Tests throughout Newton’s school system showed high lead levels at a water fountain at an elementary school, prompting officials to shut off bubblers in the building and provide bottled water to students until the cause can be determined, the mayor and superintendent said Tuesday.
Mayor Setti D. Warren and Schools Superintendent David Fleishman announced the test results at Burr Elementary School in a letter to parents.
“We are writing to inform you that one of the drinking fountains at Burr Elementary School has tested high for lead levels,” the letter said. “This result was received this morning, from tests performed two weeks ago, after the April school vacation.”
Warren and Fleishman wrote that water service has been shut off at all fountains in the school and that bottled water will be available until the city can determine what went wrong. They said “selected fountains” had been tested in each of the city’s public school buildings.
“While not all results are back, Burr is the only school which has tested positive,” the letter said, later adding that “Burr is one of our newer school buildings and does not have lead pipes. This means that it will take some work to locate the source of the lead. We will need to understand the number of fountains involved, which will help us determine the source. We will not allow anyone to drink from these fountains until we are sure that the water in the school is safe.”
The letter did not indicate how long the water may have been contaminated or whether any students or staff were affected.
Fleishman’s office referred questions to City Hall.
Dr. Dori Zaleznik, the city’s chief administrative officer, said that officials did not yet know whether students or staff at Burr were affected, or how long the fountain had been contaminated. She said officials will examine the rest of the fountains at the school on Wednesday to determine the scope of the problem.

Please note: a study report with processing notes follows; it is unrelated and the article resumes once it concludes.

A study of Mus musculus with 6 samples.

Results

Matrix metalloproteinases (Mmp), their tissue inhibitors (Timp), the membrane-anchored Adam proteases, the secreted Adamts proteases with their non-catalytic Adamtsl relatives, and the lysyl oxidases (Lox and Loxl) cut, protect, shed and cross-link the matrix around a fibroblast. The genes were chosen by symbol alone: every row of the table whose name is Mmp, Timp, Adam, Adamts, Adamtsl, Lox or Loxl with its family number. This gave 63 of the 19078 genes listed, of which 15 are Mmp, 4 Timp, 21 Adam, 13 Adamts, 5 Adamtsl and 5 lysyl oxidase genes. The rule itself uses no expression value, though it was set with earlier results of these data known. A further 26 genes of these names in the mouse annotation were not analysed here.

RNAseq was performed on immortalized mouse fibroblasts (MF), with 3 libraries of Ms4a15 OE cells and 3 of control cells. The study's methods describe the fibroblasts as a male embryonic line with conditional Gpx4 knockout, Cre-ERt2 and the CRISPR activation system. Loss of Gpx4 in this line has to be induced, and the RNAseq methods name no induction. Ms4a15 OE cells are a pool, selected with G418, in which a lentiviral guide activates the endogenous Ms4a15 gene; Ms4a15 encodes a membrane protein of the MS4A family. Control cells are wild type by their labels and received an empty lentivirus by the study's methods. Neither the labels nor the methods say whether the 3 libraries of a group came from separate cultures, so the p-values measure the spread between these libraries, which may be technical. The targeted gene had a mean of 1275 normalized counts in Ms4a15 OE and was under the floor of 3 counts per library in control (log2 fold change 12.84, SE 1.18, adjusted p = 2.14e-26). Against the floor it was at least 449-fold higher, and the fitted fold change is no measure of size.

“What we’re advising parents is to wait and see what repeat testing [at Burr] and other information” shows before they decide whether to have their child tested for lead, Zaleznik said.
“It’s possible that some kids will end up being tested, but at this juncture we don’t have any reason to know” if it will be necessary, she said.
Burr was last tested in 2010, when no problems were found, Zaleznik said. She said the city typically samples water at several schools every other year. But after highly publicized reports about the contaminated water supply in Flint, Mich., and elsewhere, Newton officials decided to test all 23 schools this year, she said.
As of Tuesday, test results for 12 schools had come back negative and results for the remaining schools were expected Wednesday, according to Zaleznik.
School Committee members expressed concern about the testing results at Burr but said they were confident the city would swiftly address the issue.
Matt Hills, the committee chairman, expressed his “confidence in the city and the School Department to get to the bottom of it and make any changes that are necessary.”
His comments were echoed by vice chair Ruth Goldman.
Newton is not the only school district to encounter lead problems. The Boston Public Schools recently announced that fountains in multiple schools tested positive for lead, and officials have taken similar steps to remedy the issue.